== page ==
The use of colour in Egyptian magic is of primary importance. To the Egyptians, living in a largely bleak, desert landscape, bright and vibrant colours were a way of enriching their lives. The Egyptian hieroglyph for colour can also be translated as being, character, disposition, nature or external appearance. This clearly illustrates the significance of colour as being an essential and integral part of the Egyptian worldview.

When depicting groups of people or animals, the Egyptians usually alternated the colour on them, to give a sense of perspective. Hence the colour will often alternate between two shades, light then dark, in pictures of groupings.

The main colours used by the Egyptians were:

Black (kem) was the colour of night, and of death. Black symbolised the underworld, but could also symbolise resurrection, life and fertility. In this respect black was interchangeable symbolically with green. This association probably comes from the fertile black silt of the Nile, deposited in its annual flooding and ensuring the fertility of the land. Egypt itself was known as the black land (kemet). Black was also interchanged with blue for representing the night sky.

Black was associated with funerary deities such as Anubis and Osiris, interchangeably with green in the latter case. In the later Macedonian and Ptolemaic periods black stones were used almost exclusively for magical healing statues. Carbon from soot, charcoal or burnt animal bones was used to produce black.

Blue (irtiu or khesbedj) was used to represent both the heavens and the waters. Both these symbolisms are those of life and rebirth, the eternal sky and the annual flooding of the Nile, which recalled the primal flood of myths. Blue was also associated with fertility, as the power of the fecundating Nile river, so vital for the crops the ancient Egyptians depended on. As well as being interchangeable with black for the heavens, blue was also interchanged with black as an underworld colour.

Blue was associated with Amun-Ra, and sometimes with Osiris. Ptah, Horus, Khnum, Re-Horakhty and Nuit were all often depicted with blue bodies. The Eye of Horus amulets were most often blue, symbolising their heavenly power. The blue pigment was formed by combining iron and copper oxides with silica and calcium.

Green (wadj) was the colour of growth and of life itself, a life-positive colour seen in the plants that sustained the culture through food, medicine and writing (the papyrus). To do green things was a term used to describe good deeds.

In some early texts the afterlife is referred to as the Field of malachite, and green came to be associated with resurrection through the annual return of the green plants. Osiris as Lord of the Underworld was usually depicted with green skin, and Hathor was also associated with this colour. Copper oxide or malachite was used to make the colour green for artwork.

Red (desher) was seen as the colour of blood and fire, and could symbolise life and regeneration. Red also represented the forces of chaos, and dangerous powers outside of man's control. Red was specifically associated with Set, as was red hair. Red also represented the untamed vastness of the desert, and sometimes foreign lands as dangerous places.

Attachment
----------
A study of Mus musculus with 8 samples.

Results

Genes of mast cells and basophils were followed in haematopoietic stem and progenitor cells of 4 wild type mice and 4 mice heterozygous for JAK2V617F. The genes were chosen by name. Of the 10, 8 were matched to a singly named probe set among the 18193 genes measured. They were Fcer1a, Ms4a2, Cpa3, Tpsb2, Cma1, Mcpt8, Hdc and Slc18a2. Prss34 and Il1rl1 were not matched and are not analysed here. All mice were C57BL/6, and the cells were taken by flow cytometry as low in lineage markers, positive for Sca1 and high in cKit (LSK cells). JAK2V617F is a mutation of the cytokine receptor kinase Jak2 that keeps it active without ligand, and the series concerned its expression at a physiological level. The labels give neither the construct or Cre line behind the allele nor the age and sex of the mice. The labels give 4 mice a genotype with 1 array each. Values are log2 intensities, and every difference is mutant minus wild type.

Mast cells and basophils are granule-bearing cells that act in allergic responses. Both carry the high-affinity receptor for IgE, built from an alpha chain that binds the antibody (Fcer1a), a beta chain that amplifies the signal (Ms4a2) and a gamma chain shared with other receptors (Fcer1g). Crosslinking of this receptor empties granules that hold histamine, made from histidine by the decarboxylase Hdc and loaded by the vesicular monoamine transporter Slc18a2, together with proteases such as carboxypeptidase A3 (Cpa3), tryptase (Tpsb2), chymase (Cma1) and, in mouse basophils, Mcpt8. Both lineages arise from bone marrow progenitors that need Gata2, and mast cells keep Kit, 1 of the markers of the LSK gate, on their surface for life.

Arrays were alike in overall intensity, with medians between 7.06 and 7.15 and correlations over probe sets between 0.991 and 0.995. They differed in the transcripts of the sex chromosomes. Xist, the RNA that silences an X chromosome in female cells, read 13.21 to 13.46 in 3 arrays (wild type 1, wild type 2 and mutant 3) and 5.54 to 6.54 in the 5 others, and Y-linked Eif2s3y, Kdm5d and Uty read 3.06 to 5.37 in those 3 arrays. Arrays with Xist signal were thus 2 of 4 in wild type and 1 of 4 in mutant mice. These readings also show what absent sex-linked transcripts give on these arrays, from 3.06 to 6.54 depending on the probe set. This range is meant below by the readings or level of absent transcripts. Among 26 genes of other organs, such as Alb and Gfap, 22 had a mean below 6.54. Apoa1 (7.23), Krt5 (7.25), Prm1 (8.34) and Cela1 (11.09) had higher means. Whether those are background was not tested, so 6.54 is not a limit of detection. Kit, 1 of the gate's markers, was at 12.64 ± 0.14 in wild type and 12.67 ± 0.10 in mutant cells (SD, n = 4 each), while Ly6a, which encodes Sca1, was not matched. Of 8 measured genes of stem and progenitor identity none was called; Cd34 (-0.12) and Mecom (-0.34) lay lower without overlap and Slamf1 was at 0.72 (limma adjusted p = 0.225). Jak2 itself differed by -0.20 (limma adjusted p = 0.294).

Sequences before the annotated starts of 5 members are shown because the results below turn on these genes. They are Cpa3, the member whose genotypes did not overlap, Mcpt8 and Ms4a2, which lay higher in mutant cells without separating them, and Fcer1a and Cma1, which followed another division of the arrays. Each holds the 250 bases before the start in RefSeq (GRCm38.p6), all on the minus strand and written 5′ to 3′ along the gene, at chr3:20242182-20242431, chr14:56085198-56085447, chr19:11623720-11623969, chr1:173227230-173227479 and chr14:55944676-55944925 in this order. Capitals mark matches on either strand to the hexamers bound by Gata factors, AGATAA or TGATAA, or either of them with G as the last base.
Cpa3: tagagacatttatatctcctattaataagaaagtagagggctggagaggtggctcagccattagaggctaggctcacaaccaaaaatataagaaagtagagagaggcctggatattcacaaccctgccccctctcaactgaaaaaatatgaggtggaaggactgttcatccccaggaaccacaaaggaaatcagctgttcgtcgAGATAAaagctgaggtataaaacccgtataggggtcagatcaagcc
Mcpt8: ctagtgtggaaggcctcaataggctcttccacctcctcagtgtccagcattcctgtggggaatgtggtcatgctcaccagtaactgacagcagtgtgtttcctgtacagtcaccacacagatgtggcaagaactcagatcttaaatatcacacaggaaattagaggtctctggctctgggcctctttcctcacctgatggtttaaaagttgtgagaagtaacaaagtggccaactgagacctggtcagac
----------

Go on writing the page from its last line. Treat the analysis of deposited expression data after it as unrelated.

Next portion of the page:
Red ink was used to write the hieroglyph for evil, and for the demon or unlucky days. To do red things was to perform evil acts. However, red was also used to depict Re, and the fierce radiance of the sun. Red was used to colour the Eye of Re serpent amulet. The red colour was created by using oxidized iron and red ochre.

White (hedj or shesep) was the colour of cleanliness, associated with sacredness and ritual purity. Clothing, especially that of the priesthood, was usually shown as white. This is well illustrated by the Instructions of Merikare, where the term wearing white sandals is used to describe being a priest. Many of the sacred objects were made from white alabaster, and many of the sacred animals were also white, such as oxen, cows and hippopotami.

White was also used interchangeably to describe silver, which was sacred to the Moon. The crown of Upper Egypt was known as the White crown, and white was the heraldic colour of southern Egypt. The god Nefertem, whose symbol was the white lotus flower, often had his statues made of silver, to illustrate his link with the colour white. Chalk and gypsum were both used to give a strong white colour.

Yellow (khenet or kenit) and gold were the colours of the sun, and symbolised eternity and constancy. The ancient Egyptians believed the flesh and bones of the gods were made of gold, and so it was a natural progression to see yellow and gold as sacred colours, and to use gold in the construction of statues of the deities. The Egyptians had several sources of yellow, ochre and imported orpiment (arsenic trisulphide) being the most commonly used.

Other Colours
Brown, grey, orange and pink were also sometimes used, but as only secondary colours. Such colours were formed by adding white or black to the primary colours, or mixing them accordingly.